Herald newspaper censors statement from lawyers
By Lance Guma
04 March 2009
The Zimbabwe Lawyers for Human Rights (ZLHR) expressed dismay at the state owned Herald newspaper for refusing to publish its statement on the formation of a Civil Society Monitoring Mechanism. Several civil society groups met last week to form an independent body to monitor the implementation of the power sharing agreement between ZANU PF and the MDC, which created the coalition government. But old habits die hard and the Herald newspaper bluntly refused to carry the statement announcing the formation of the body, unless they could censor it.
On Thursday last week officials from the ZLHR visited Herald House to book space for their statement. They were told by one of the advertising representatives that the statement would be taken to the newspaper’s Editor for vetting, before any placement was made. He later informed ZLHR that the Editor had recommended the dropping of two paragraphs in order for it to be carried by the newspaper.
The paragraphs targeted for removal spoke about, ‘the continued assault on the fundamental rights and freedoms of the people of Zimbabwe, in particular human rights defenders and legitimate political activists.’ It went on to express ZLHR’s solidarity with, ‘our colleagues and others who remain unjustly incarcerated at various prisons, remand facilities and hospitals around Zimbabwe.’ ZLHR refused to allow their statement to be censored and so the advert was not placed in the Herald.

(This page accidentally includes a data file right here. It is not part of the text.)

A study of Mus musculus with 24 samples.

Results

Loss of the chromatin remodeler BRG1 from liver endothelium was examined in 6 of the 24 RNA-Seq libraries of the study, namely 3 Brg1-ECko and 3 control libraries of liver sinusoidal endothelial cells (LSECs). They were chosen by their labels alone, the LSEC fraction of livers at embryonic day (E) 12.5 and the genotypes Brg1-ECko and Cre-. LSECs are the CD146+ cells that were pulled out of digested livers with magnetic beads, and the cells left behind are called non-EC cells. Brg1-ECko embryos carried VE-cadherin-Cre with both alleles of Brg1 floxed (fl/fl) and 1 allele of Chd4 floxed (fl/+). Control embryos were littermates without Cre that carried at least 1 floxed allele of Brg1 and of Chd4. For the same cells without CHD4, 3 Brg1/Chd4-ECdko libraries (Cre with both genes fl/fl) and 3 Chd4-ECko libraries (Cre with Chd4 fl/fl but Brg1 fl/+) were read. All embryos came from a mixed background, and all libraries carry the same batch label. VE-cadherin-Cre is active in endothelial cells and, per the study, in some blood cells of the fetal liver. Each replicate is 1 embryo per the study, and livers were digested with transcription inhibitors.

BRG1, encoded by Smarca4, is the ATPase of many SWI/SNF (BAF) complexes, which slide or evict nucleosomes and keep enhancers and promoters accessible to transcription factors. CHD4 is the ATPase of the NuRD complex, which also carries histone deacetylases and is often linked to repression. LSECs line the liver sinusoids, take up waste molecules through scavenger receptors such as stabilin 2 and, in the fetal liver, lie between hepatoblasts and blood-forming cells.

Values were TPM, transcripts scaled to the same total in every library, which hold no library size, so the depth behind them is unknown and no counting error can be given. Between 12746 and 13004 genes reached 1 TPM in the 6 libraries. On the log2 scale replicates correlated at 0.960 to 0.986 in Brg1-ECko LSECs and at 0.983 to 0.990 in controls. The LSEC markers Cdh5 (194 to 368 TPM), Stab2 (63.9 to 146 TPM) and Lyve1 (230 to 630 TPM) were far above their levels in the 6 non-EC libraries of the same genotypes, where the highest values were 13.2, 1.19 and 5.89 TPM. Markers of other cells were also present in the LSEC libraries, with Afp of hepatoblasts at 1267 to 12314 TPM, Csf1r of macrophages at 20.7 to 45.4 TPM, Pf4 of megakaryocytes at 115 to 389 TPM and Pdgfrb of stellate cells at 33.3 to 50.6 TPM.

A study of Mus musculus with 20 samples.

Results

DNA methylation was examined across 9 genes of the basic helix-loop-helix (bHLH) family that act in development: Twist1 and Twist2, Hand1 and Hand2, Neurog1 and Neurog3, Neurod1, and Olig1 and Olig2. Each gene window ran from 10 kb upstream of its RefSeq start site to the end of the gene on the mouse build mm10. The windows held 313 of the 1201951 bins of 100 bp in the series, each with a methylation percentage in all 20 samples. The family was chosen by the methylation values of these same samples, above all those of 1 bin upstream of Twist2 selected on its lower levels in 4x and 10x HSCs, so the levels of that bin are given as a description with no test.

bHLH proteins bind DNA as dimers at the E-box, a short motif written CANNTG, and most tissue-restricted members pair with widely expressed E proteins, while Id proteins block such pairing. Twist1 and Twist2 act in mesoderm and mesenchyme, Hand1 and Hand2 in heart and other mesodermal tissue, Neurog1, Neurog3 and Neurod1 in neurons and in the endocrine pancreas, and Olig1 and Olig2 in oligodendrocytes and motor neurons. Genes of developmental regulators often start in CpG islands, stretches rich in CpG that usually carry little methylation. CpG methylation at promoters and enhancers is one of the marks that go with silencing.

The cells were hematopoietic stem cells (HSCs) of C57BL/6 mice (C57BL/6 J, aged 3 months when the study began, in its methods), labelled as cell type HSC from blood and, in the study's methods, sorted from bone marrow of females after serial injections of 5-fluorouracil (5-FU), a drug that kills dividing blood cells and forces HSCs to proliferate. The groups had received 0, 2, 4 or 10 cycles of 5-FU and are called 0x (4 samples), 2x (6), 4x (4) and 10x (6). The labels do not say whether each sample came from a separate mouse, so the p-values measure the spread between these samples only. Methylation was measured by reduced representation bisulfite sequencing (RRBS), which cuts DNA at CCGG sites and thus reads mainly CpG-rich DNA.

The lawyers group condemned the censorship, saying the Herald was supposed to be a public newspaper. They said this incident highlighted ‘the urgent need for the coalition government, particularly the new Minister of Media and Information Publicity Webster Shamu and his deputy Jameson Timba, to restore the credibility and independence of the state-run print media and broadcaster so that they truly function in the public interest. As a public media the Herald must provide balanced and fair coverage to all Zimbabweans, parties and organizations for their legitimate activities.’
Meanwhile ZLHR Executive Director Irene Petras told Newsreel on Wednesday that at least 25 civil society groups will be monitoring the implementation of the power sharing deal. She says each organization has a particular area of focus and will help in the compilation of monthly monitoring reports.